This article comes from Den of Geek UK.
This review contains spoilers.
4.22 Half A Life
Lwaxana Troi accompanies Captain Picard to meet a visitor from the planet Kaelon II, where the Enterprise has recently arrived. The man – Timicin – is a scientist seeking the Federation’s help in restarting his system’s dying star. Unfortunately, Lwaxana Troi is more interested in restarting Timicin’s dying libido.
Timicin explains to the crew that with some modified photon torpedoes they can restart a star, so the Enterprise rushes him to a valid test site. Meanwhile Lwaxana Troi is spending all her time trying to get Timicin to notice her, which he eventually does. I mean the only way you’d find it easier to notice her is if she wore christmas lights all the time.
Like all attempts to play God, the plan to restart the star backfires in Timicin’s face and it blows up, while the real God looks on and laughs. Timicin also reveals to Lwaxana Troi that he can’t stay and be her new boy-toy because he has to go back home and kill himself. Ah yeah, we’ve all heard that excuse to get out of a date.
Unfortunately, Lwaxana isn’t going to let this go. She eventually convinces him that his planet’s strange and weird customs are strange and weird. Timicin insists that killing yourself is a big party and that he doesn’t want his kids to have to look after him when his mind starts to go. Just keep reminding yourself, it’s their custom.
But Timicin realises he might have a way to fix the experiment and uses a computer model to reassure himself. Convinced of his value to society by Lwaxana’s aggressive badgering, he asks Picard for asylum. Picard, ever the administrator, is clearly just thinking about the paperwork this’ll involve but agrees anyway.
Unfortunately, Timicin’s decision to save the world means he’s ostracised by his family and friends, all of whom are looking forward to their star incinerating them into a fine mist. Even his daughter comes to visit him and try to make him change his mind (though she mostly seems to be crying about her own haircut). As a result of this isolation and coercion, Timicin “decides” that he will go through with the suicide after all. Completely of his own accord. Yep. Not at all pressured into it.
Ultimately, the episode ends with Timicin returning home and Lwaxana following him to the planet to watch his suicide ritual occur, representing that she has come to terms with this insane and unrealistic culture clash. As they beam down to the planet, Timicin and Lwaxana hold hands. I always wondered if some screaming Kaelon/Betazoid hybrid lands on the planet instead. It worked when they did it with Tuvix, I guess…
TNG WTF: I mean the concept of a euthanasia planet is pretty bizarre, but then it’s not half as weird as about 90% of the planets they visited in the original series. And let’s face it, they go fairly deep on the logic behind the culture too, whether or not you agree with it. By the standards of Star Trek this episode is virtually pedestrian.
TNG LOL: This is the only episode in seven seasons where Troi gets to give the personal log intro narration. And you can sort of tell why. Where Picard and Riker et al are making diary entries for the posterity of future listening, Troi turns out to be the sort of person who scrawls one line (“My mother is on board.”) and then stops. You’d think the counsellor would be a little more in touch with her feelings.
To Boldly Go: The Enterprise is helping out the people of Kaelon II in their attempts to restart the fusion in their dying star. Noble? Yes. Bold? Well…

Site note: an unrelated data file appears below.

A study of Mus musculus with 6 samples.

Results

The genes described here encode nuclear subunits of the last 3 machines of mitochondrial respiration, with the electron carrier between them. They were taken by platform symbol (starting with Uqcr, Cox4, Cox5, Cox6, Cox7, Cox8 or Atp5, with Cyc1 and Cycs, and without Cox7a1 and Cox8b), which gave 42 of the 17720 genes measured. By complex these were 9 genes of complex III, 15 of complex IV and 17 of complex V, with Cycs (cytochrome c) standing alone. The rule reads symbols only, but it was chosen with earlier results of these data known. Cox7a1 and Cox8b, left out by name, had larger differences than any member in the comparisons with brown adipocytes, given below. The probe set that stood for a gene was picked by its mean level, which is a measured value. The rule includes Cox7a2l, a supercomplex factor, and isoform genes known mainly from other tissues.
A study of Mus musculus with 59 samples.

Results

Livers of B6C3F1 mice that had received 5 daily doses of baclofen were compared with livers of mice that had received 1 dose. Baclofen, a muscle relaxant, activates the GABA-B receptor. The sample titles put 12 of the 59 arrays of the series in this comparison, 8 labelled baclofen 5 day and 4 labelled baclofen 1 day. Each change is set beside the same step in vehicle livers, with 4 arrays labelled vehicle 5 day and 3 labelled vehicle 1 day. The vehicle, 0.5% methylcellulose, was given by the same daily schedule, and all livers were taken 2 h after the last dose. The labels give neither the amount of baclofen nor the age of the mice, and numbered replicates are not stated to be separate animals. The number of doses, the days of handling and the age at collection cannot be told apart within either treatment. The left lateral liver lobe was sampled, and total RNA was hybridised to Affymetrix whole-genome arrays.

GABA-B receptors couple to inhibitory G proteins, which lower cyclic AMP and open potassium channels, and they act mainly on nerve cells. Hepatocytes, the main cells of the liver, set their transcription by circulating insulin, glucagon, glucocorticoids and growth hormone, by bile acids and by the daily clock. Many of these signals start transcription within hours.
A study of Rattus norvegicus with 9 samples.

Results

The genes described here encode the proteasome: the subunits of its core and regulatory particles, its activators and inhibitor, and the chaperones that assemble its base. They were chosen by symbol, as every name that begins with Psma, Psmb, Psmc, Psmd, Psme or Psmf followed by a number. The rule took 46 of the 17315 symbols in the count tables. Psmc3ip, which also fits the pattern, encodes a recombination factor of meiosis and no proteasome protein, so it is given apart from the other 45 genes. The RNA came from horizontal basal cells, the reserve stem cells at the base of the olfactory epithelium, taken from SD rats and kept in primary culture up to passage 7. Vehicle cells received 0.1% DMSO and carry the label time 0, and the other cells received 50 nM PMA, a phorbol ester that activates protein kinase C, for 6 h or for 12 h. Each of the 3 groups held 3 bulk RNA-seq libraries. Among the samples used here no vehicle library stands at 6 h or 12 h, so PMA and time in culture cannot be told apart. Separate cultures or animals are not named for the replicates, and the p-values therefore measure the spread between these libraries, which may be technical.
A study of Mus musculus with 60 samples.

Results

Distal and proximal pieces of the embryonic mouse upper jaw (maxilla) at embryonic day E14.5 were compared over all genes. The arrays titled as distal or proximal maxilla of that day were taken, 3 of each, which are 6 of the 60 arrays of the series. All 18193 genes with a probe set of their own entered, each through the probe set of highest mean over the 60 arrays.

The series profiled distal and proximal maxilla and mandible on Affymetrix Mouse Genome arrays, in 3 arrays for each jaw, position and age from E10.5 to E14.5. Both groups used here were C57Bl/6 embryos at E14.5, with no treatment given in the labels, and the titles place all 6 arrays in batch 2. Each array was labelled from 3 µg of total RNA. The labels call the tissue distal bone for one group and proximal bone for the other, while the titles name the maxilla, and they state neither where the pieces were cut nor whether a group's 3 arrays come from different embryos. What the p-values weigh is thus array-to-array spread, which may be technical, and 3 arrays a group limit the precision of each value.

Mistakes and Minutiae: Picard cites the Prime Directive as a reason not to convince Timicin not to kill himself, which is a stretch even for him. Timicin isn’t from a pre-warp culture and he wasn’t being given knowledge he didn’t already have. Maybe Picard’s just jumpy because he almost got prosecuted for breaking the rules last episode.
Who’s That Face?: Timicin’s daughter is Michelle Forbes, aka Ro Laren, aka the woman who has been in absolutely every TV series and you always recognise her because you’re sitting there going “It’s bloody Ro Laren!” (or is that just me?)
Time Until Meeting: 4:38. We barely make it out of the credits before there’s a lecture about Helium Fusion Enhancement in the meeting room. Be still my heart.
Captain’s Log: I mean there are two types of Star Trek episodes: the ones centred on a heavy-handed allegory, and the ones centred on a REALLY heavy-handed allegory. This episode doesn’t even try to disguise the fact that it’s about euthanasia. In fact, despite the fact that I don’t think anyone actually uses the word, they just stand around spouting euthanasia arguments at one another. Quite brave, given that it was twenty years ago, though also depressing because the arguments haven’t exactly moved on since then.
On my rewatch of TNG I’ve come to appreciate the Lwaxana episodes a lot more than I used to. Majel Barrett’s performance is completely over the top still, but it doesn’t grate like it once did. I was actually sad she didn’t get more scenes with Troi in this episode, because I like seeing that relationship on screen. It’s a little odd, in fact, that the episode focuses on two non-regular characters. Doctor Crusher gets one line. One! In what is, effectively, an episode about medical ethics!
Still, it’s a memorable episode for its concept, if not anything that actually happens in it. Part of the problem is that it doesn’t really take a position by the end of the story. Is Timicin being given the ability to decide his own fate and take a dignified death? Or is he succumbing to societal pressures and being shamed into killing himself. Who knows! Not the writers. Cowards.
Read James’ lookback at the previous episode, The Drumhead, here.